For twenty-five of my thirty-seven years in education, I was a classroom teacher. For twenty of those years, I taught children ages twelve through fifteen, the threshold into adolescence.
We all went through it; most of us survived. Often compared to the midlife crisis of our later years, this age surpasses it as the most formidable period in a human being’s life span. How we get through one shapes how we get through the other, so I made it my mission in life to know all that I could about my clients.
You go to bed a child and wake up to puberty. Where there was no hair, it has sprouted in several private places. Where your dulcet voice once danced in the air, you honk and squeak. Where your arms once fit your favorite long sleeved shirt, your arms now dangle past your knees.
You suddenly notice half the world is of the opposite SEX, and SEX suddenly takes precedence over your train set or your dolly. EVERYTHING reminds you of sex and you start to worry about your eternal salvation.
Your parents become Public Enemy Number One. They are slave masters, jail wardens, old people. Every time you ask if you can do something, you already know their answer – No! Can I stay up late? Can I go out to see my friends? Can I grow out my hair? Can I get a tattoo? Can I get a piercing?
Your hair is oily. No matter how much you bathe, you stink. Your nose and ears grow before the rest of your face, then pimples start invading the terrain and eyebrows grow together and you feel like a teenage werewolf/Peewee Herman.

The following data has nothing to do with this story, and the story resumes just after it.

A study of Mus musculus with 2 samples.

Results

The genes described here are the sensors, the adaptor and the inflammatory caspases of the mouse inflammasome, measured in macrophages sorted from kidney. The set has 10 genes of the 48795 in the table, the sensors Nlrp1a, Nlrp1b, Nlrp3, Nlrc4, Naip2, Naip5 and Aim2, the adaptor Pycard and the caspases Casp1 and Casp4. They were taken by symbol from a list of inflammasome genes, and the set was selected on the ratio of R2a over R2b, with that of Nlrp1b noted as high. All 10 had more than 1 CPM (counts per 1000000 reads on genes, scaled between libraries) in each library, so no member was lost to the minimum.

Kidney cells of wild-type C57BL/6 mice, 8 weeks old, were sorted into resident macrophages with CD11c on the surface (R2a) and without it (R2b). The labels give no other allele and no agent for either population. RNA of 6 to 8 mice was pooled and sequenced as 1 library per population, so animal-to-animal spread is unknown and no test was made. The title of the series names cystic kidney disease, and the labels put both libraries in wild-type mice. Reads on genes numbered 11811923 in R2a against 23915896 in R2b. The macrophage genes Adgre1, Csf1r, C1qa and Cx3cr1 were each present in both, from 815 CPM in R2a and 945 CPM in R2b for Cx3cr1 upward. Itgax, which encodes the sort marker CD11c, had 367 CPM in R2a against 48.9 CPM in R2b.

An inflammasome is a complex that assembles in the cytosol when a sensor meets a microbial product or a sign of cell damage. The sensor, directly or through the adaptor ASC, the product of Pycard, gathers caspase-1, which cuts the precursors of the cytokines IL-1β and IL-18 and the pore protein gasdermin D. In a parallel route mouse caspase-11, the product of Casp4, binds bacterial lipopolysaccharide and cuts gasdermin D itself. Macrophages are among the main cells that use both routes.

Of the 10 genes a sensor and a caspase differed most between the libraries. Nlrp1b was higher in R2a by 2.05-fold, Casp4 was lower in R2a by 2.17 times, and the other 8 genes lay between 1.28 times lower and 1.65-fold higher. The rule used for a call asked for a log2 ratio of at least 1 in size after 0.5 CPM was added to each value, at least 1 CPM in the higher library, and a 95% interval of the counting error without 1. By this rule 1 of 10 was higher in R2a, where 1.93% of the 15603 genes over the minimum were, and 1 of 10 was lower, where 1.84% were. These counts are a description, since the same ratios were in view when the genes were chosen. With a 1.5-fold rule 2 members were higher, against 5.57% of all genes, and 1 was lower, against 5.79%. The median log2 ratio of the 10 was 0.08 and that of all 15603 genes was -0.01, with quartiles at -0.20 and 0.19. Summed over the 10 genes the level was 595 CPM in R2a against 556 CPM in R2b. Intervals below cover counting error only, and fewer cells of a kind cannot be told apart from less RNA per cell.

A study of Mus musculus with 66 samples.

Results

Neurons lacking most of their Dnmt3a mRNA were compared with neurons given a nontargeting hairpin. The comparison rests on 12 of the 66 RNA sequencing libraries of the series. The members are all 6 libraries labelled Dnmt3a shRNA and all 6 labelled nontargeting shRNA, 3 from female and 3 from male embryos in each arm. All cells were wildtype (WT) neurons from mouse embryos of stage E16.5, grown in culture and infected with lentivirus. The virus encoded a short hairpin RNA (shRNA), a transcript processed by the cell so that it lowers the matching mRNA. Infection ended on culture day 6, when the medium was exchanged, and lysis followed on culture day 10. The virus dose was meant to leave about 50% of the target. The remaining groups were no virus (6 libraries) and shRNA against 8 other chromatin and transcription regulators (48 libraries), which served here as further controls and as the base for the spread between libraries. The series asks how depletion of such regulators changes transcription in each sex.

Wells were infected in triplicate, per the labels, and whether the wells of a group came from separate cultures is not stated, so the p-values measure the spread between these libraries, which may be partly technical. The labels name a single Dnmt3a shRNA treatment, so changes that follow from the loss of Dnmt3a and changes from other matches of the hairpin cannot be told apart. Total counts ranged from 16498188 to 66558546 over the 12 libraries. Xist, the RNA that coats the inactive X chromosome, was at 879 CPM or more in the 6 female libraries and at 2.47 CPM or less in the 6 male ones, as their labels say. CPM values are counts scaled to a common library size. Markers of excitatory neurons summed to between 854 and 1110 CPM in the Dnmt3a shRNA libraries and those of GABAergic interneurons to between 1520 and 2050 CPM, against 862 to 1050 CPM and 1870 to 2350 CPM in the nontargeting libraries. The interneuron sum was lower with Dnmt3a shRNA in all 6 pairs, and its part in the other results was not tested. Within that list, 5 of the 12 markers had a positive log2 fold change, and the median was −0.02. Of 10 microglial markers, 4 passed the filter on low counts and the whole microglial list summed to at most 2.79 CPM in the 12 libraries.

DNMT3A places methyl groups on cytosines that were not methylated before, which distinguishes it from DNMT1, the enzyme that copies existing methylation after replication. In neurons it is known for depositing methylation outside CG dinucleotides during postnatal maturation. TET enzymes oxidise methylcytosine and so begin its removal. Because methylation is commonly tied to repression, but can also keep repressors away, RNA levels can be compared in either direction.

Teachers want you to pay attention to the lesson while you are seated next to the most beautiful/handsome kid in the class. How can they expect you to concentrate? Not only do your parents drag you to church but Mom insists you wear the outfit Grandma gave you for your last birthday. It is hard to act cool wearing corduroy.
Parents have a lot to learn about adolescence and when asked my advice, I offered what I could.
It is a necessary and important step in human growth. The child is morphing from child to adult. The teen is in transition and the road is slippery and tricky, and it varies with each teen. What works with one child, may not work with the next.
The child needs a parent, not a friend, but being one does not exclude the other. Just like we were there to help them learn to walk and talk as babies, we need to be there to help them learn to walk and talk as adults. Talk to them when everyone is calm; no one is angry. And LISTEN to what they have to say or don’t say. Learn to read between the lines.
Keep them busy. Find what they like to do and get them involved in that sport or hobby or activity. Steer them in the right direction with the right friends, like kids at church or school groups. Invite their friends to your house so you can know and meet them, but stay out of their way. They are your teen's friends, not yours.
Like it or not, rebellion is a part of the road to independence, but teaching them how to be independent varies with each teen. How one teen reacts may not be how his brother or sister will. Learn to let go. A little at a time is best for both of you. Give responsibilities that earn them rewards, like free time or parole. Drive them to and fro from activities. Meet the other parents.
Always allow them to call you if they need help, need to be rescued, need an excuse to get out of something they do not want to be pressured into doing by others. No questions asked. At least not then.
For some teens, the transition is subtle; for others it is not, but it is inevitable.
A mother of five teenagers once told me she wished she could freeze them through their teen years, then defrost them in their twenties. I offered no consolation. I told her it does not work that way. Her five would still have to go through adolescence, and it was better for them to do it then and not later.
Getting a child through the teen years takes the two of you, parent and child.